This is one in a series of curated student posts from a class taught by Dr. Amy Parziale.
This Spring, the Rollins Department of English course “Women Write the Body” examined female authors and their depiction of embodiment. The first major author read for class was Zora Neale Hurston. Thanks to serendipitous timing, students were asked to extend their knowledge outside the classroom by blogging about their experiences attending the Communities Conference co-sponsored by Rollins and Association to Preserve Eatonville Community (P.E.C.).
Visiting Assistant Professor
Department of English, Rollins College
Lesson Learned from “Every Tongue Got to Confess”
It’s not often that an author re-enters the world literature stage as significantly as Zora Neale Hurston. Although her novels ebb and flow from literature curriculums, their meanings are ever as influential and important. “Every Tongue Got to Confess” is a brilliant podcast based upon Zora Neale Hurston and her book that shares the name. The podcast is meant to be about primarily Black and diverse communities and how they affect Rollins and our campus. It was started to back of the Zora! Festival, an arts and humanities festival surrounding the famous author and Eatonville, the setting of many of Hurston’s novels.
In the second episode of the podcast, Professor Robert Cassanello speaks with Rollins President Grant Cornwell, as well as Professor Julian Chambliss and N.Y. Nathiri. They discuss the mission of a liberal arts community as well as what it means to be a global citizen. In the 20th century, a liberal arts college such as Rollins strives to provide the most relevant education that is intimate, dynamic and engages students with problem-solving. This is all in the mission of Rollins, to create global citizens and responsible leaders. According to President Cornwell Rollins caters towards their mission statement not only in the classroom, but especially in residential living where students are “living and learning together with people right alongside that come from different backgrounds, different socioeconomic experiences, different races, different ethnicities”. When speaking with Chambliss and Nathiri they compare Hurston and her role as a global citizen with the festival and Eatonville. The core goals of the festival are to celebrate the historical residence of Eatonville, celebrate the life and work of Zora Neale Hurston, “to celebrate the cultural contributions which people of African descent have made to the United States and to world culture” (N.Y. Nathiri). Nathiri also mentions the large global culture you can see in the outdoor festival of the arts.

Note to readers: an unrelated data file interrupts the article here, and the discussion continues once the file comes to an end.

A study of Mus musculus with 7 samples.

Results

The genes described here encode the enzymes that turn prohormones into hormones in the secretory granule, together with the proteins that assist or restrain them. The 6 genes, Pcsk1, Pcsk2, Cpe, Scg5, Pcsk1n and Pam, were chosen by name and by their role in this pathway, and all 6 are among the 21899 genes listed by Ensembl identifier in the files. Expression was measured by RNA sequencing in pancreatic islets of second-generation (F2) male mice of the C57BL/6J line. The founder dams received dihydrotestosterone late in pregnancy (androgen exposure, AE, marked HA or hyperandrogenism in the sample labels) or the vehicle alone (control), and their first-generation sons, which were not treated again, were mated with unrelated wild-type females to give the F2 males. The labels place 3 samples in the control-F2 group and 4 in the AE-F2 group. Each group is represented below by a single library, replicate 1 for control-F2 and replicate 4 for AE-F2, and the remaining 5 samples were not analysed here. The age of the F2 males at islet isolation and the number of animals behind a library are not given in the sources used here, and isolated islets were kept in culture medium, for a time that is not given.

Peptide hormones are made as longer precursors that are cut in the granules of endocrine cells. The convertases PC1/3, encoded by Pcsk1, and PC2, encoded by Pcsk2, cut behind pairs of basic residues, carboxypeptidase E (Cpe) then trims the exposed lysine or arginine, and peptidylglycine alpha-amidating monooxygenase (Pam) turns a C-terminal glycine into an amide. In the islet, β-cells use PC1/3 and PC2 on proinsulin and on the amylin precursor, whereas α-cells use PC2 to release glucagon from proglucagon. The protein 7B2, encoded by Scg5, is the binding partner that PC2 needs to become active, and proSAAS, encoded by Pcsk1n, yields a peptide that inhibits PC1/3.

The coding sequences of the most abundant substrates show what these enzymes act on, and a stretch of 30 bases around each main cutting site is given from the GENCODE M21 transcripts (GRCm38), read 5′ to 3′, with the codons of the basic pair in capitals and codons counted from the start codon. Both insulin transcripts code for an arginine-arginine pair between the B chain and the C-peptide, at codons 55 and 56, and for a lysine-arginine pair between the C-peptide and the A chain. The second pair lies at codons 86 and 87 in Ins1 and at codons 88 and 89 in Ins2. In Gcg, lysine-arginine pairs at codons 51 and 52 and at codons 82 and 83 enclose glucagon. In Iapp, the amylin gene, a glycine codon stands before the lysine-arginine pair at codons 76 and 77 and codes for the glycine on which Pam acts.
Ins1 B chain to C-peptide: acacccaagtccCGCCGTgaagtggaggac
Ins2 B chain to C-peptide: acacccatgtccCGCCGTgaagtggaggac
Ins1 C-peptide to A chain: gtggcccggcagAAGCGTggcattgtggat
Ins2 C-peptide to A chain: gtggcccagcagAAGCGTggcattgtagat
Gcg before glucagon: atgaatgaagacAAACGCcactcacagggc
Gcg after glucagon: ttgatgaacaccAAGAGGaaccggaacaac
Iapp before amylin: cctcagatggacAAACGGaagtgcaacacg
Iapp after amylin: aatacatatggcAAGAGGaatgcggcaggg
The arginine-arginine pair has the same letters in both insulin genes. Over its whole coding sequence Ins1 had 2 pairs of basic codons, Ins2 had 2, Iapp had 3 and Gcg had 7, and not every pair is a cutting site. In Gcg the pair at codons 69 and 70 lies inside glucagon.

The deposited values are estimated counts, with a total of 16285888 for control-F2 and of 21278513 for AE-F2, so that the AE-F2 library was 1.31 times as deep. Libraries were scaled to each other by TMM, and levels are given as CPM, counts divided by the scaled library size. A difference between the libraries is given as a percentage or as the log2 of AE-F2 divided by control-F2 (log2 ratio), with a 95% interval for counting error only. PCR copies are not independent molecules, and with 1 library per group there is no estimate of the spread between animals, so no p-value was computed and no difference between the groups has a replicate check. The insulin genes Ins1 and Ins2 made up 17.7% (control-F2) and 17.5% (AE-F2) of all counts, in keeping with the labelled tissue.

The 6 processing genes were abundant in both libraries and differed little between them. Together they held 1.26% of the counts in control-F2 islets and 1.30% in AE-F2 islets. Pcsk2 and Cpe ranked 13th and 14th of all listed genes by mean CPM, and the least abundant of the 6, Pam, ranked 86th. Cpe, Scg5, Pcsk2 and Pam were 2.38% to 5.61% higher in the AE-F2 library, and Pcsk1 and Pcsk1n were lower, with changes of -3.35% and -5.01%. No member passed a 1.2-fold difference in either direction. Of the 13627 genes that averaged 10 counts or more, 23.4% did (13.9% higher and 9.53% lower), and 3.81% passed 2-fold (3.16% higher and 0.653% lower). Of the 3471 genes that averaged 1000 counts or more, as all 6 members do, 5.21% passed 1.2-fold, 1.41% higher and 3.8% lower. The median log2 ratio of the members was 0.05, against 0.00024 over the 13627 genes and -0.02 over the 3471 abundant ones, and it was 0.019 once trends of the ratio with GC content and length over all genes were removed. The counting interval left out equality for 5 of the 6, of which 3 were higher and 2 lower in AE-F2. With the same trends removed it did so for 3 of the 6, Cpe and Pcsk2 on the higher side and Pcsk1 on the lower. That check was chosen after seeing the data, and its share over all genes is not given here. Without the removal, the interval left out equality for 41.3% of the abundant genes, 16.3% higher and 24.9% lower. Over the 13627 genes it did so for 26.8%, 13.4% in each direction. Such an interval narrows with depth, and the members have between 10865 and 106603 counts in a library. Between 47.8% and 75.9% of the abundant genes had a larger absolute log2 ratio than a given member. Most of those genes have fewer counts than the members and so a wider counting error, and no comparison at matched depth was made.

In the view of a Rollins student, being a global citizen is an important part of today’s culture and society. Our liberal arts education and is preparing us to interact with many different cultures and peoples. Although Rollins is a less diverse campus than many, we are striving towards an inclusive and safe space for all students as well as accepting a much more diverse student body. With the implementation of programs such as EMBARK, our campus is making an endeavor to become more inclusive for the African American community. I appreciate that Rollins is giving African descended students an opportunity to feel represented and appreciated with the Zora! Festival and discussion surrounding the contributions of African Americans to our country. I hope that as Rollins continues to grow that we can learn to be more accepting and appreappreciate the different communities and cultures we have on campus.